Texas Tech professor Ori Swed works to educate others about conflict, puts together important event to address its varied impacts.
For as long as he can remember, Ori Swed has been interested in conflict. Much of his work has focused on understanding it in hopes of eventually seeing it erupt less around the world.
“Conflict can be a very disruptive force within a community,” said Swed, an assistant professor in Texas Tech University's Department of Sociology, Anthropology and Social Work. “It continuously affects people and their interpretation of the world and themselves long after the shooting stops. It is an important and interesting human phenomenon that affects people all over the world.”
While Russia's February 2022 invasion of Ukraine continues to receive most of the attention from the global community, conflict is upending at least a dozen other countries. From civil wars in Ethiopia, Somalia, Syria and Yemen to terrorist insurgencies and drug wars in Colombia, Mexico, Nigeria and Sudan, swaths of the world are awash in conflict.
“I grew up in Israel and saw firsthand the complexity and impact of conflict on societies, economies and the life experiences of individuals,” he said. “It drove me to explore those social forces and the rationale behind them.”
Toward that end, Swed has organized the War and Society Mini-Conference that will be held in Philadelphia on Aug. 17. The event will be held during the annual meeting of the American Sociological Association and will feature presentations from experts on a wide range of topics. Each year, the ASA meeting draws thousands of people from all around the world for what is considered one of the most important gathering within the discipline.
“It will include a really broad discussion of why humans fight before narrowing to topics such as radicalization and violence in terrorism,” he said. “We will talk about civilians and communities and how they correspond as well as veterans and reintegration into society and human rights. These are experts in the field, and their work translates into actual policy.”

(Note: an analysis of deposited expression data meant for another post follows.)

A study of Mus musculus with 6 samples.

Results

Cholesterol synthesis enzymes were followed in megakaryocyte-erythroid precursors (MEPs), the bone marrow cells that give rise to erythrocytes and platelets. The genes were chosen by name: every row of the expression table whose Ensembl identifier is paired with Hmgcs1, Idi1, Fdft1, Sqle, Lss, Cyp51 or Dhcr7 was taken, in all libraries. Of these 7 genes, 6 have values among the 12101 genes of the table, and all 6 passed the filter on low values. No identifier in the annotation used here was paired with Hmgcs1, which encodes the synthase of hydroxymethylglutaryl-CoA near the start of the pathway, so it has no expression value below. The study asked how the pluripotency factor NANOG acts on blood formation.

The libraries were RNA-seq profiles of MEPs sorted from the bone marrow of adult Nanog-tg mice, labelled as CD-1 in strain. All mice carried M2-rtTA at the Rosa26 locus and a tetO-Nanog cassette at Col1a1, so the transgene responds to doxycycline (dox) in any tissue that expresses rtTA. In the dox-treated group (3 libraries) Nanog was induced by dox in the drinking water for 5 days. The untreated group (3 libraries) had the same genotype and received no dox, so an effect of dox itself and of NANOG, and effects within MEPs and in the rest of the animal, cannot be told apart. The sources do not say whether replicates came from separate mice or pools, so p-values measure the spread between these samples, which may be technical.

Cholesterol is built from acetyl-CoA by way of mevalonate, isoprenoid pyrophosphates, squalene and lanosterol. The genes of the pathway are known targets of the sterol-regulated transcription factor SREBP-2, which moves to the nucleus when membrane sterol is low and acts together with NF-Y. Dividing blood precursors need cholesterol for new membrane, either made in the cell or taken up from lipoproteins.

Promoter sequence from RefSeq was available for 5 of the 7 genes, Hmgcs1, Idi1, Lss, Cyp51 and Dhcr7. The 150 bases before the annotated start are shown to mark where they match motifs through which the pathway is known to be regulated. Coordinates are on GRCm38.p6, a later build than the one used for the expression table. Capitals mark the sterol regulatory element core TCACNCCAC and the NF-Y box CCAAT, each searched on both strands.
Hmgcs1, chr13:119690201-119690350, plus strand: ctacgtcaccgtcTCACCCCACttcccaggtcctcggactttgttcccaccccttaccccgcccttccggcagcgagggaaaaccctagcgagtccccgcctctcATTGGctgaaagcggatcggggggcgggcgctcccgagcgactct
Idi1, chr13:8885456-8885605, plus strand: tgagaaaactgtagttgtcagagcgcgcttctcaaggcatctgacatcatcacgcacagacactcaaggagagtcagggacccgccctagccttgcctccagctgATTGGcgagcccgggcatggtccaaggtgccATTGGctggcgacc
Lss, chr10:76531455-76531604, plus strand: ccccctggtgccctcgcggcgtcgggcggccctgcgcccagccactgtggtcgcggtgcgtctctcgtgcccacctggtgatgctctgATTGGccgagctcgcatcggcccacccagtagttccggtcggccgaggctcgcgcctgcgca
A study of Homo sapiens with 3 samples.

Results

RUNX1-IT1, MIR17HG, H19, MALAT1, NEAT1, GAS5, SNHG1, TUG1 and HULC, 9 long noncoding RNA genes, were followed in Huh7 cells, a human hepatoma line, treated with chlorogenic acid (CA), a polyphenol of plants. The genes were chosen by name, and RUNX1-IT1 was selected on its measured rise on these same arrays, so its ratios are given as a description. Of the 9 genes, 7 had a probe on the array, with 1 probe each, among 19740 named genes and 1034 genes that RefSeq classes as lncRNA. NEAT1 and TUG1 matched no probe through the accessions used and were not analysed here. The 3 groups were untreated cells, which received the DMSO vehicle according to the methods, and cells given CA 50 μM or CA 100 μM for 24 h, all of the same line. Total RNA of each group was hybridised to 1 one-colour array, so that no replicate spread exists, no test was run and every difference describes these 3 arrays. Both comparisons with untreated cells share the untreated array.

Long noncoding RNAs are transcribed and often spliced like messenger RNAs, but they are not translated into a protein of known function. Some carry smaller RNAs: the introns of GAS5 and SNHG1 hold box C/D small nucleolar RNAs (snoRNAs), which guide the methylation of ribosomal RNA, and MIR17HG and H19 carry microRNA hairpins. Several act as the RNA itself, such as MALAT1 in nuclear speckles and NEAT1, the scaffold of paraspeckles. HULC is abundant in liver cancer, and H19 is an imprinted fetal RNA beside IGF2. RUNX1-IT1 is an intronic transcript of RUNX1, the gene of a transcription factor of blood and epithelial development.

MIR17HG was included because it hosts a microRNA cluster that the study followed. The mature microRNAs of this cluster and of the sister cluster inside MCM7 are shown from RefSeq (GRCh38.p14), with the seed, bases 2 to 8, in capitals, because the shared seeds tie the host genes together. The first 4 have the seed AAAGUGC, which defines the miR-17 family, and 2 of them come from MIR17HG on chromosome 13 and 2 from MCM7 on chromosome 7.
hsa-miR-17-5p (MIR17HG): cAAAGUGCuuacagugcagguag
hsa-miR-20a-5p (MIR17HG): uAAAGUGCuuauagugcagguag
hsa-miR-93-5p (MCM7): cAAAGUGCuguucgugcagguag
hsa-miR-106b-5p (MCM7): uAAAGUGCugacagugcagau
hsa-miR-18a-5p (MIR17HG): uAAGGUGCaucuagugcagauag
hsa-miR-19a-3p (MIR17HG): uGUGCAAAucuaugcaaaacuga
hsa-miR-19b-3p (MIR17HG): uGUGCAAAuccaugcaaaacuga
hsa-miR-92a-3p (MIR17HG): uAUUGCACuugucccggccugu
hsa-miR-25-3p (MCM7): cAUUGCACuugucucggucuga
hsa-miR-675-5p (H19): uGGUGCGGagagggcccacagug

In addition to his work at Texas Tech, Swed is the director of the Peace, War & Social Conflict Lab housed within the sociology department. The lab provides students with the opportunity to sharpen research-related skills and tackle real-world problems.
Prior to transitioning to higher education, he worked as a private consultant in the high-tech sector.
“I specialize in security and work a lot on emerging security trends,” he said. “I have done extensive research in the area of military security companies and the study of drone usage by violent nonstate actors such as mercenaries, militias and terrorists.”
Conflict has become more widespread as people and nations are more interconnected and interdependent than ever before, meaning students today need to understand causes, historical influences and other underlying factors that can spark skirmishes that sometimes mushroom into all-out war.
“I think the war in Ukraine illustrates to us that violent conflict is here to stay,” he said. “Unfortunately, it does not suddenly disappear. We have this war, and we see how it is disrupting the economy, the supply chain and politics. We need expertise that will help us better understand and explain it.”
Swed said this is the same approach he employs with students, working to instill in them an appreciation for huge issues that may seem far away but actually can have local impact.
‘Reality is not black and white,” he said. “It is complicated and has more than one interpretation and one solution. Explaining and discussing global issues is always a challenge. We live in our own little bubbles and often we do not have a relevant reference to events happening on the other side of the globe. The key is greater exposure to world events and processes.”
To some extent, that falls under Texas Tech's responsibilities as a Carnegie Tier One Research University.
“This is one of the biggest events in sociology all over the world,” he said. ‘When you are an R-1, you play internationally. You are not just competing with other institutions in Texas. You are competing with Tokyo, with Berlin, with Tel Aviv. It's a different ball game.”
Likewise, so is war and the toll it can take on a civilization.
“War is a dramatic event,” he said. “The experts coming to this conference are experts in the study of this phenomenon. They explain why it happens, how it happens, how people experience it and what happens in the aftermath.”
The mini-conference will take place in the Friends Center at the Quaker Hub for Peace and Justice.